Brazil vs Uruguay | Wednesday 26 June | Estadio Mineirao | 21:00
An all South American clash sees the host nation Brazil encounter a seismically unpredictable Uruguayan side ebbing between bouts of the sublime and the ridiculous. Brazil have enjoyed a painless path into the last four, buoyed by the mesmeric displays of a certain boyish number 10. Neymar has chosen this tournament as the time to announce himself to the entire international community, a community who has periodically doubted the potential of the precocious striker. He seems to be thriving under Scolari, giving him free range to express his abilities in an increasingly solid unit. Uruguay are hard to gauge at this point, after losing depressingly against Spain they ground out a tight victory over the tenacious Super Eagles. Then there was the debacle that was Tahiti, hardly the ideal preparation to face Brazil in terms of match-day intensity. Saying that, they may find the passions of this South American heavyweight clash more amenable to their abilities than the technical difficulties that Spain had to offer.
To Win (90mins)
Jose Felipe Scolari has returned to the helm of perhaps the most prestigious managerial mantle in world football with deft aplomb. After failed experiments with Kaka, Luis Fabiano and Ronaldinho, he has settled on a format that is proving successful. The dynamism of the team has increased exponentially since the beginning of the tournament and in contrast to the hegemonic representation of Real Madrid and Barcelona in the Spanish first team, there is a far greater dispersion of footballing influence throughout the composition of the side. Perhaps that is somewhat responsible for their looser improvisational style in contrast to the technically faultless tiki taka style of Spain. Their performances have not been without error; they find themselves vulnerable to silly defensive mistakes, likely emanating from their forward orientated approach.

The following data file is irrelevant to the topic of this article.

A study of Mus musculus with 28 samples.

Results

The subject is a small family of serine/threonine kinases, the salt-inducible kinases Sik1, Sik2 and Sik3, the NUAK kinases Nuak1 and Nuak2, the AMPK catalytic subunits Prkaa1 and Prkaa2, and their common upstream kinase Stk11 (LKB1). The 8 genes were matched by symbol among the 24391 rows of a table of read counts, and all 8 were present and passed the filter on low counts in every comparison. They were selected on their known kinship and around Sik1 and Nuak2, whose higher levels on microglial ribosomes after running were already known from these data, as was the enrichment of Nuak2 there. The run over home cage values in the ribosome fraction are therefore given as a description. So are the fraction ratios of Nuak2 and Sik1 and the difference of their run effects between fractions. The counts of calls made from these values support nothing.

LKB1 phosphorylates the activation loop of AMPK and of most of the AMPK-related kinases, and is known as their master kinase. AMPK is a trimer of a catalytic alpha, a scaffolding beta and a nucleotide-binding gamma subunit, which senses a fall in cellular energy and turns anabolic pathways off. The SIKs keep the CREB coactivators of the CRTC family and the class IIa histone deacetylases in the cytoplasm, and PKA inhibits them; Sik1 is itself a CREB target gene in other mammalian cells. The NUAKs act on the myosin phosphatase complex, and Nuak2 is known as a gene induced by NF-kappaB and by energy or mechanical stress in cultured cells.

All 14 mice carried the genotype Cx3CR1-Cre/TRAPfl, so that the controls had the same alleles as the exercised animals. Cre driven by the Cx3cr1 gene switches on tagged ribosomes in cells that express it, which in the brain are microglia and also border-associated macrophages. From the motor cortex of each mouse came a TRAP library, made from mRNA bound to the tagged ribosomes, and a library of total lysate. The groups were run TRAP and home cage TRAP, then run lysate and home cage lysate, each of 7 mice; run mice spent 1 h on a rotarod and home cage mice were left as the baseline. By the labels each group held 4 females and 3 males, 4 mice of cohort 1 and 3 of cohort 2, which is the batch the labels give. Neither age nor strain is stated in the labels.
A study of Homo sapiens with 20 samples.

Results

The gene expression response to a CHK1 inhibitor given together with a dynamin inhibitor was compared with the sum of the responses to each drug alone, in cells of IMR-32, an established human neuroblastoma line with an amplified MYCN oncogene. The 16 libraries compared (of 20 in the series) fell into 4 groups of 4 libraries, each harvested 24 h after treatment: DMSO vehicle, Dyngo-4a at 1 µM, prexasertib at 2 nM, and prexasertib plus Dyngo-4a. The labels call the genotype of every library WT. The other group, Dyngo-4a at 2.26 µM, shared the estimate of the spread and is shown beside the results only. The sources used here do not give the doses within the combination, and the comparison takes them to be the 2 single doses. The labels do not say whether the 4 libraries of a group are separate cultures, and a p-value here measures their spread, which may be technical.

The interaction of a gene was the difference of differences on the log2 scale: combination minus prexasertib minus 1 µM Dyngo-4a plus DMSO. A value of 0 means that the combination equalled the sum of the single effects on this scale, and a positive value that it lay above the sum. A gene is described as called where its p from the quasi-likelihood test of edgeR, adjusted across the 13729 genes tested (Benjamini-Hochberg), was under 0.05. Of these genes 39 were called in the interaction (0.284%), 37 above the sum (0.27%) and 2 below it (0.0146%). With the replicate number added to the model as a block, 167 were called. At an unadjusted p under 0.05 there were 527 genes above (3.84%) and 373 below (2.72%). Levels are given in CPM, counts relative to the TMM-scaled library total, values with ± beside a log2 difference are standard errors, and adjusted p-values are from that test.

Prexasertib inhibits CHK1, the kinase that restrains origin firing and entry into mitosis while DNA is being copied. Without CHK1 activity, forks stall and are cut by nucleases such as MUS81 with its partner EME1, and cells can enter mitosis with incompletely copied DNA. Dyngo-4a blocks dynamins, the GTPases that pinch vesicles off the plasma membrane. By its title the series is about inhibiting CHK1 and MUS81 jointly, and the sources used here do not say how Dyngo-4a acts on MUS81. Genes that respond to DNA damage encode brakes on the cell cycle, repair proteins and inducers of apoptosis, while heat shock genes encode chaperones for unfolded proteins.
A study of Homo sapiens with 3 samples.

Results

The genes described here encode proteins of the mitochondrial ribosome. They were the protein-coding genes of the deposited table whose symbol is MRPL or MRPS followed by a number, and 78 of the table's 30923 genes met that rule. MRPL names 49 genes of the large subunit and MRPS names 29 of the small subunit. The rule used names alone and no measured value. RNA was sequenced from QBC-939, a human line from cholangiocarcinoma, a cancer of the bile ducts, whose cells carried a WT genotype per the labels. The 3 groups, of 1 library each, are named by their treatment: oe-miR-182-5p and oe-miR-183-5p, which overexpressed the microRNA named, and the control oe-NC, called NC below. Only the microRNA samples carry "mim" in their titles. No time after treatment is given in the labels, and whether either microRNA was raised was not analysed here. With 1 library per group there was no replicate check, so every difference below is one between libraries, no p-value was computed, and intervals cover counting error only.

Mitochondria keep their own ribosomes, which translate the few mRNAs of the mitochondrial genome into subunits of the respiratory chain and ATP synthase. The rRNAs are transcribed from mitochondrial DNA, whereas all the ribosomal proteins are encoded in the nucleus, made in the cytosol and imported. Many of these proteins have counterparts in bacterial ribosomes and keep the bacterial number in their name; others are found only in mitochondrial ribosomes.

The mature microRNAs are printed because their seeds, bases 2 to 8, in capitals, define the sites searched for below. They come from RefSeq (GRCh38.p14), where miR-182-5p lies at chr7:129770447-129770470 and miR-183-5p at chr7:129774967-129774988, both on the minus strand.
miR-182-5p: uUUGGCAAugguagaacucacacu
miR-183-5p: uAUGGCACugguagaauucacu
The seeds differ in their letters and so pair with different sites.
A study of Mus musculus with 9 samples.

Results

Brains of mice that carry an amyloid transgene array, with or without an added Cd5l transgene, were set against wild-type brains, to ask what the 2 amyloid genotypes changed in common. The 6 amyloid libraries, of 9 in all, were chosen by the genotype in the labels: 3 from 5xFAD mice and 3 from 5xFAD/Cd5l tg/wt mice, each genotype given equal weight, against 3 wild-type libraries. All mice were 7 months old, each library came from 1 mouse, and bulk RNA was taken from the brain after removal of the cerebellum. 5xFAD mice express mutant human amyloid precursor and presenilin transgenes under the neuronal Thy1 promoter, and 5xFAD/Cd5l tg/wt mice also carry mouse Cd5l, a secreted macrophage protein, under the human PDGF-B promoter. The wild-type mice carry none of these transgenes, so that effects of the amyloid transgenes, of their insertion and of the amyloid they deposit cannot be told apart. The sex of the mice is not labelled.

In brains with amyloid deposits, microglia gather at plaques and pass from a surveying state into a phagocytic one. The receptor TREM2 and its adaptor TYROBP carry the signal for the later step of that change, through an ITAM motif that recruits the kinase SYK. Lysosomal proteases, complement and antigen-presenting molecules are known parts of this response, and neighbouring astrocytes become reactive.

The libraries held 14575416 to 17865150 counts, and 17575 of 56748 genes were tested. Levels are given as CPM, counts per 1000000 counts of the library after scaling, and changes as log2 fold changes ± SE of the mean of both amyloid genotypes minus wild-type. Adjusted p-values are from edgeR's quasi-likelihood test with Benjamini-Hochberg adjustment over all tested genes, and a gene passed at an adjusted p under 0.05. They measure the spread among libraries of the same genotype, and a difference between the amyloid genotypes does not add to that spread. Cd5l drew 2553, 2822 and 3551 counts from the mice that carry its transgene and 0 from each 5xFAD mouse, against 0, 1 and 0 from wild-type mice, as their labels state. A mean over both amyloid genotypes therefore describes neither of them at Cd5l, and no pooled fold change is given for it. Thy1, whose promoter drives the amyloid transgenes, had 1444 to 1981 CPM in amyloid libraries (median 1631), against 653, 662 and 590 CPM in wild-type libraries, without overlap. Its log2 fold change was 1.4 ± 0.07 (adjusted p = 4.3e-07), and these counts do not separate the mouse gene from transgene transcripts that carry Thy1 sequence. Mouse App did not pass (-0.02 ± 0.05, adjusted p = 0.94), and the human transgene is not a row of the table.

Neymar has been ably supported by the opportunistic Fred and Jo, players who have benefitted immeasurably from the playmaking skills of Neymar and Oscar. The Chelsea midfielder has gone a bit quiet, likely not fazed by the adoration lauded on Neymar. Hulk hustles and bustles his way through games to the deafening cacophony of packed arenas. Quite what all the fuss is for is somewhat beyond me if truth be told. The crux of the team actually lies in the central midfield pairing, where Scolari is juggling the defensive minded Paulinho and Gustavo, with the slightly more adventurous Hernanes drafted in on occasion. The engine of the team propels them forward, allowing Neymar to dazzle and Hulk to stumble in equal measure.
Brazil really look in good form at the moment, their defensive central pairing of David Luiz and Thiago Silva seems to be gelling far more coherently than some spectators anticipated. Even with Luiz getting injured, they have the treble winning Dante entering the squad, arguably strengthening the defensive attributes of the side. So all in all this should be nothing more than a stepping stone for Brazil against their South American rivals.
The prospect of Luis Suarez leaving Liverpool has loomed large over the talismanic striker the entire tournament, not that his performances have indicated any dip in concentration. His fiercely competitive spirit is the one shining hope for Uruguay in this match, which really sees them at an overwhelming physical and technical disadvantage, particularly in the midfield where they will likely be overran. The sight of Dante and Silva in the heart of the defence won’t deter Suarez, he might enjoy using his low centre of gravity against those two physical specimens. Edinson Cavani has been disappointing thus far and will need to come to the party for Uruguay. Diego Forlan has shown that he has lost the legs that have carried him to a distinguished representation of his country, but his clinical winner against Nigeria underlined his ability to exploit tactical deficiencies and finish with devastating accuracy if giving the opportunity. But it’s a struggle to see this Uruguayan team creating the necessary opportunities.
VERDICT: Brazil 7/20
This feels safe, and well, it probably is. Neymar will score one and make one because, well, that’s how he does things at the moment. Suarez or Cavani will pick up a consolation, but onwards and upwards for a team aiming to win their fourth Confederations Cup and be the first team to win it three times in a row.
The man knows his football, but even he gets it wrong from time to time. Feel free to share your view below.